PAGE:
Bubbling competition in Baltic cola market

  • 1998-08-20
  • By Philip Birzulis
RIGA - A visitor from another planet might find it odd that a sugary, fizzing, brown drink is one of this world's strongest unifying symbols. The Baltics have acquired a taste for cola as well, and the business of this beverage is one of the clearest signs that the region is integrating with the global economy.

According to Martins Jansons, general manager for Coca Cola Dzerieni in Latvia, demand for his firm's products has been growing so rapidly that there are no available figures for its place in the beverages market, which includes tea, coffee and milk. From a zero base back in 1992, sales have increased by 25 to 30 percent per year. However, people in the Baltics still guzzle just a fifth as much Fanta, Coke and Sprite as they do across the sea in Scandinavia.

While there is no direct connection between Coke's Commonwealth of Independent States and Baltic operations, similar histories and markets mean that a certain amount of coordination takes place.

For example, there are many consumers in the Baltics who watch only Russian TV, so ad campaigns can be borrowed from the big country to the East.

"Every market is different, but the Baltics are not more difficult in any particular way," said Jansons. "All of these countries come from the U.S.S.R., but their development rates are different, so what is happening in Latvia today could be Russia's future," said Jansons.

Coca Cola widely employs its global logos and sponsorships of major sporting events such as the World Cup and Olympics to sell the products in the Baltics. Jansons said that free trade agreements between the Baltics are leading to single market conditions, but there are some interesting differences between the three countries.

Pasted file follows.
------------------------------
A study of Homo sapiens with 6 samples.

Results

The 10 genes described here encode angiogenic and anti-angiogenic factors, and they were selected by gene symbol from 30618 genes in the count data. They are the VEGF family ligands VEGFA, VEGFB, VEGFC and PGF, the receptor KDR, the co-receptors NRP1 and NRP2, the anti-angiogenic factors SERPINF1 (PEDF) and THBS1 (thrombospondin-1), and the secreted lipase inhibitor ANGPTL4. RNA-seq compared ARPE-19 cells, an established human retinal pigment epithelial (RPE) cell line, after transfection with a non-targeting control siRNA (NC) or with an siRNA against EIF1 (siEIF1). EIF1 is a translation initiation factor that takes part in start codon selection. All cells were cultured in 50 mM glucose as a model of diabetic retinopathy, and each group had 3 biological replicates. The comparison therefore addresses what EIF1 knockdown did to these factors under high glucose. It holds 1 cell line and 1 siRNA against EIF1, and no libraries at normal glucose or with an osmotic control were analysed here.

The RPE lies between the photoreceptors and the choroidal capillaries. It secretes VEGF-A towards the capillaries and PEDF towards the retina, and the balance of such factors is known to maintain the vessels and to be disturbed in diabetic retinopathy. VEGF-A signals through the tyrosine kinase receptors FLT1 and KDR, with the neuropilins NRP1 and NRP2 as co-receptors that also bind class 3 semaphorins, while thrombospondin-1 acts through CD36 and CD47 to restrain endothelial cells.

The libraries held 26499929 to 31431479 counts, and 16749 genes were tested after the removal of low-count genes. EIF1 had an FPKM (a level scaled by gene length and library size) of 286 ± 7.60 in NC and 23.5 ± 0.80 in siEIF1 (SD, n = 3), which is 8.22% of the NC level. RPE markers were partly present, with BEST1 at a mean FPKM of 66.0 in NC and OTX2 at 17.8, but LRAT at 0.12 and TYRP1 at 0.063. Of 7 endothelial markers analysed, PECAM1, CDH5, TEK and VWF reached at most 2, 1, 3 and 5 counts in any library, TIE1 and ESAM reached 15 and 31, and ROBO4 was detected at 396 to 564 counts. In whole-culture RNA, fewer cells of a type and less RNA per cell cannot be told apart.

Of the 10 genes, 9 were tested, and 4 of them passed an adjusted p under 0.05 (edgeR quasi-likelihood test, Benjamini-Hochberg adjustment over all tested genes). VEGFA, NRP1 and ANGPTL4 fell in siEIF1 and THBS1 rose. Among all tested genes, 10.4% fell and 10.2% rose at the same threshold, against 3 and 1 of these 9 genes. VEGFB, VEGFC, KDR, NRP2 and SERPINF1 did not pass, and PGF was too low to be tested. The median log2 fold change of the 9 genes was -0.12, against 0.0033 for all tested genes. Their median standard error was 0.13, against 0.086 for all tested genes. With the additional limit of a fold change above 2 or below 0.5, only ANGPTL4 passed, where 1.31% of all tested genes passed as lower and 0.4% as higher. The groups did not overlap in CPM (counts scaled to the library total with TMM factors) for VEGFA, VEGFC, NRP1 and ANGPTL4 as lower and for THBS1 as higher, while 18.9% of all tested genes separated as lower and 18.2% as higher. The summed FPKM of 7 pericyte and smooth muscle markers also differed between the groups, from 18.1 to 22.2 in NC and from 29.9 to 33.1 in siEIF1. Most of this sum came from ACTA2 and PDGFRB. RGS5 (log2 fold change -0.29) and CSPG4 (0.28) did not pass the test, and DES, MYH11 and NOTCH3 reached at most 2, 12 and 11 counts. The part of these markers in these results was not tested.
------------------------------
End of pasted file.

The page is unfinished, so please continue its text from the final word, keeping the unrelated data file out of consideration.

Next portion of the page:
For example, Sprite is far more popular than Coke in Lithuania because that country is basketball mad and is very responsive to the soft drink's sponsorship of the NBA.

Unfortunately, Coke's major global competitor, Pepsi Cola, could not be contacted for this article. However, anecdotal evidence suggests that it has fallen behind in the race, despite having had a foothold in the market back in Soviet times.

It had better hurry up or risk being left flat. Earlier this year, the American company Triarc struck a deal with the Latvian drinks maker Cido to bottle its Royal Crown (RC) Cola in the Baltics.

According to Cido Marketing Manager Glenn Eliott, his company started production of its three brands of RC soft drinks in May. While its first priority is establishing itself in Latvia, it eventually aims to have 10 percent of the market in Lithuanian and Estonia as well.

"We want to be a truly Baltic beverage company," he said.

The success of Cido, and its competitor Gutta, in the fruit juice market is a sign that local producers can successfully fight against foreign competition. According to Eliott, while four years ago 50 percent of juices sold in Latvia were contraband imports, now the local players have 90 percent of sales.

Cido's juices and nectars hold 10 percent of the market in Estonia and 6 percent in Lithuania.